Book Review: Transcendence of the Western Mind by Samuel Avery
Written by: Stephen J. Hage
The book is only 170 pages including endnotes but its sweep is vast, it's subject matter epic in scope and its conclusions breathtaking.
What Samuel Avery accomplishes is to provide a glimpse, under the veil, to reveal how the universe works. What makes his conclusions so satisfying is that they are firmly grounded in well established scientific and philosophical principles. You'll find no dancing here just lucid and carefully crafted explanations which flow smoothly from the page onto your image screen and into observational consciousness.
Neither he, nor the book, is intellectually faint of heart. He unflinchingly tackles difficult problems like "why do space and time shrink and curve and blend into each other?" Einstein showed unequivocally that this is so but Samuel Avery is the first author, in my experience, who explains why with metaphysical answers firmly grounded in physics. He never throws the physics away thus forcing the reader to give serious consideration to what he has to say. And, at the same time, he never resorts to or burdens the reader with mathematics.
In his earlier book, The Dimensional Structure of Consciousness, he introduces the concepts of the photon screen, the quantum screen, and the image screen. In this one, he expands on those explanations making them more clear and easier to understand. Another explanatory device he uses helped me understand what he means when he talks about orthogonal rotation of the axis of one dimension around the axis of another; using examples of things we do every day, all the time.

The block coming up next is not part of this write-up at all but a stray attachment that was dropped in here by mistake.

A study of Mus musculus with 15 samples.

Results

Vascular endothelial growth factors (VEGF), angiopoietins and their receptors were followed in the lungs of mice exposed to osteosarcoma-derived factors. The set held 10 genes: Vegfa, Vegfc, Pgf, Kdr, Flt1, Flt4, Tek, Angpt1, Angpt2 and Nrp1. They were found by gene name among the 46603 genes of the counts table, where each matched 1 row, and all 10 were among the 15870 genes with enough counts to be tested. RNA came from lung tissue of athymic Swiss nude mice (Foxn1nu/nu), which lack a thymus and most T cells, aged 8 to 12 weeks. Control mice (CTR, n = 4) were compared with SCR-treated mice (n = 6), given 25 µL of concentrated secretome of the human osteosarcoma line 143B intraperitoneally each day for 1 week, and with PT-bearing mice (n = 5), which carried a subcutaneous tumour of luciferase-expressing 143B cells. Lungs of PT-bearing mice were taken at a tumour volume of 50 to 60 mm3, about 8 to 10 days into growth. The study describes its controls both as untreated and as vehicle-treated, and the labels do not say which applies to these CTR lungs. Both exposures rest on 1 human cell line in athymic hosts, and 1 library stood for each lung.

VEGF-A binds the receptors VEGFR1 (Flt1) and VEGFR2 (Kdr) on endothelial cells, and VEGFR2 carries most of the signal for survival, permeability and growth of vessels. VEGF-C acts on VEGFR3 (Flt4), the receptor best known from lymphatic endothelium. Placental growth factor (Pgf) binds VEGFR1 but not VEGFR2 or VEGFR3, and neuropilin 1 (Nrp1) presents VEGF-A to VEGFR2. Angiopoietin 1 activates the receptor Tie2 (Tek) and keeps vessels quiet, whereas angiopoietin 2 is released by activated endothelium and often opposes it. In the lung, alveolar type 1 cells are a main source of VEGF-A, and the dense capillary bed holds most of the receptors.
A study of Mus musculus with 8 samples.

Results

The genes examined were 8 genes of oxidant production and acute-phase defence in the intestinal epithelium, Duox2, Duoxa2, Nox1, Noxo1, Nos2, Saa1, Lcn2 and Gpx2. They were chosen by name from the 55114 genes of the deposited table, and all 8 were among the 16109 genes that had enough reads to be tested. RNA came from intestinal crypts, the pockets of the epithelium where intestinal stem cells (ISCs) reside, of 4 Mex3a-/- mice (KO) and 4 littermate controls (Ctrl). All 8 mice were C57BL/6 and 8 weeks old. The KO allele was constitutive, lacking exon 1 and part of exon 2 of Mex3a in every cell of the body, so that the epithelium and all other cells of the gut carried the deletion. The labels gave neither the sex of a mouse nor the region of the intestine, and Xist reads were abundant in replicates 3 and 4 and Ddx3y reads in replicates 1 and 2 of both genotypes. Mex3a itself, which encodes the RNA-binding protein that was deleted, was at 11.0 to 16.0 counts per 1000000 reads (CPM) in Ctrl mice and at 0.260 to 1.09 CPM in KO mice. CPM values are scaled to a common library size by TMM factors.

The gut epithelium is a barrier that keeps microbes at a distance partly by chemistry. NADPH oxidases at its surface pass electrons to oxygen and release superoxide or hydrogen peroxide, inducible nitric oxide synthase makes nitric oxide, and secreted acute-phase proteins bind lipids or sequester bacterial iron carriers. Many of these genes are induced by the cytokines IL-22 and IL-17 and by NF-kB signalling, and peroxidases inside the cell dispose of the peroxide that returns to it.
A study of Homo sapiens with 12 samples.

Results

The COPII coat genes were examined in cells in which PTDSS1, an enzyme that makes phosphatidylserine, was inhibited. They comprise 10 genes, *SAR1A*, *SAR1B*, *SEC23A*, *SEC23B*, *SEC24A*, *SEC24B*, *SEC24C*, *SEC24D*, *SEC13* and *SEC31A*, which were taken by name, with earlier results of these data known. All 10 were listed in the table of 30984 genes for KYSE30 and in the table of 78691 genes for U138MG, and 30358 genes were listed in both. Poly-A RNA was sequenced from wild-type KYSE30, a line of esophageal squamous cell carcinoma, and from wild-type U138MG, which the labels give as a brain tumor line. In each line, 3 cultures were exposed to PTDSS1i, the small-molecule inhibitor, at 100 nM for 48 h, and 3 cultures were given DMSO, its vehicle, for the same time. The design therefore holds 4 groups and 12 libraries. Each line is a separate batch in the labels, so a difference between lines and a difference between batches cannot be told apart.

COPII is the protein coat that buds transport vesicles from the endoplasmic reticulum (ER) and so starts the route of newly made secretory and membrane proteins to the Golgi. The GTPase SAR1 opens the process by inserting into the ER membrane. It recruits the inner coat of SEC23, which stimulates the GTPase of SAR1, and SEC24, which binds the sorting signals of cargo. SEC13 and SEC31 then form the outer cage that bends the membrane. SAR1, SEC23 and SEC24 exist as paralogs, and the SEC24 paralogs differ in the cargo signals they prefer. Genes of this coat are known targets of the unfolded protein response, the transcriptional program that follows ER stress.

He deals with light, which is so enigmatic physicists still do not understand it. He explains why light is not in space-time but rather, space-time is in light.
His explanations of consciousness, its dimensional structure, and how it is related to individuals and the world cut a wide swath through particularly thorny issues like the "hard problem" (is consciousness something that happens in the brain or is it something extra that happens outside of what's going on in any individual's head?). And most satisfying, he deals with the abyss of solipsism not by banishing it but by putting it where it belongs; within the Dimensional Structure of Consciousness he has created.
I found the book almost impossible to put down. I'm looking forward to reading it again and again. If you are interested in the topics discussed in this review; if you're ready to gain deep understanding of how the universe works; read Transcendence of the Western Mind and be prepared to have your own mind blown to smithereens.